Here are eight people you need in your life to help you make the most of your career:
The energizer: These people are energizing just to be around. They’re excited about what they’re doing. They’re excited about what you’re doing, or what you could be doing. Spending time with these people rubs off on you. It feeds both your energy and your outlook. They’re relentlessly positive (though not in a smarmy, irritating way) and see the world as packed with potential and possibility.
The visionary: These dreamers aren’t limited by the petty constraints of current reality. They see what could be. They’re bursting with ideas and, like energizers, they’re relentlessly optimistic about the possibilities. By their very nature, they have a big vision for your future for you to live up to. Spending time with these people prevents you from getting mired in a static picture of how things are.
The implementer: Dreams are great, but they’re little more than puffs of smoke if you don’t do anything to put legs under them. People who have a natural implementation bent will call your attention back to the need to bring your dreams back to earth for long enough to get traction on making them reality.
The questioner: Questioners are important because they don’t just let things slide. If you’re in dreamer mode, they might ask about the nuts-and-bolts of how you’re going to actually make it happen. If you’re locked in a rut and not seeing the full scope of possibility in your life, they might question the assumptions that are keeping you stuck. Note that the questioner is different than the skeptic. A skeptic looks for reasons not to believe. A questioner is just interested in clarity.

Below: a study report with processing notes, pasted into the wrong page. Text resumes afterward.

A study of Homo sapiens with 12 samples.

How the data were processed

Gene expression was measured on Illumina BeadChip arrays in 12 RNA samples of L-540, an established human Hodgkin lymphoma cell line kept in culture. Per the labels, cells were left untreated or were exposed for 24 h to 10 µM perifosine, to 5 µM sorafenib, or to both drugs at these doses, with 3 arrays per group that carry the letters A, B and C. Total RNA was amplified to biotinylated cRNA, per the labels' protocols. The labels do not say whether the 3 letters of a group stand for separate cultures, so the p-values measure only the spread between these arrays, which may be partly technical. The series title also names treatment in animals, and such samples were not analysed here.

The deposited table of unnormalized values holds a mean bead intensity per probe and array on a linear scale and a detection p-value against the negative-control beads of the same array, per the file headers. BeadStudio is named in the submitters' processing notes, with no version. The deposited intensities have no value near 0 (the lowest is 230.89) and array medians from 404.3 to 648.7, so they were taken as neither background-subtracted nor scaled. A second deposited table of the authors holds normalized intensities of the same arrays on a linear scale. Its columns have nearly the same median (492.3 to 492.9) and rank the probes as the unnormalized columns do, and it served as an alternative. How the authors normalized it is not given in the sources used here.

The collaborator: Being the lone wolf 100 percent of the time inevitably limits what you can achieve. Working together with others toward a common goal can expand your potential exponentially. The collaboration might be on a project, a business venture, a job search (with other job seekers), or even learning (with others who are focused on learning the same subject matter).
The mentor: Mentors can both guide your journey and help you avoid unnecessary mistakes. They are a treasure trove of knowledge, insights, and perspectives. The more you learn from mentors, the less you have to learn the hard way, and the more you can focus your energy on moving forward.
The mentee: You might look at this one and ask, “Why do I need a mentee in my career? How would that help me?” Ultimately, it’s about keeping the cycle of giving flowing. It’s about giving back. It’s also about what you receive by giving. It can feel rich and fulfilling to see the difference you make in someone’s life. Being of service can feel energizing.
The emotional supporter: Finally, if you think you’re going to sail through your career without experiencing bumps and bruises, without feeling frail and uncertain at times, think again. Those bumps are natural part of the journey. With that in mind, people you can rely on for emotional support play a huge role in your career success.
You may have people in each of these categories in your life already. Think about all the people you know. If they aren’t already fulfilling these roles, which of them could they play? Reach out and ask for their help. If these people aren’t yet in your life, start exploring where you can find them. Notice the qualities of the people around you, and reach out when appropriate. If you do that consistently, you’ll build a strong team to support you on your way to success.
After years as a professional malcontent, Curt Rosengren discovered the power of passion. As speaker, author, and coach, Rosengren helps people create careers that energize and inspire them. His book, 101 Ways to Get Wild About, and his E-book, The Occupational Adventure Guide, offer people tools for turning dreams into reality. Rosengren's blog, The M.A.P. Maker, explores how to craft a life of meaning, abundance, and passion.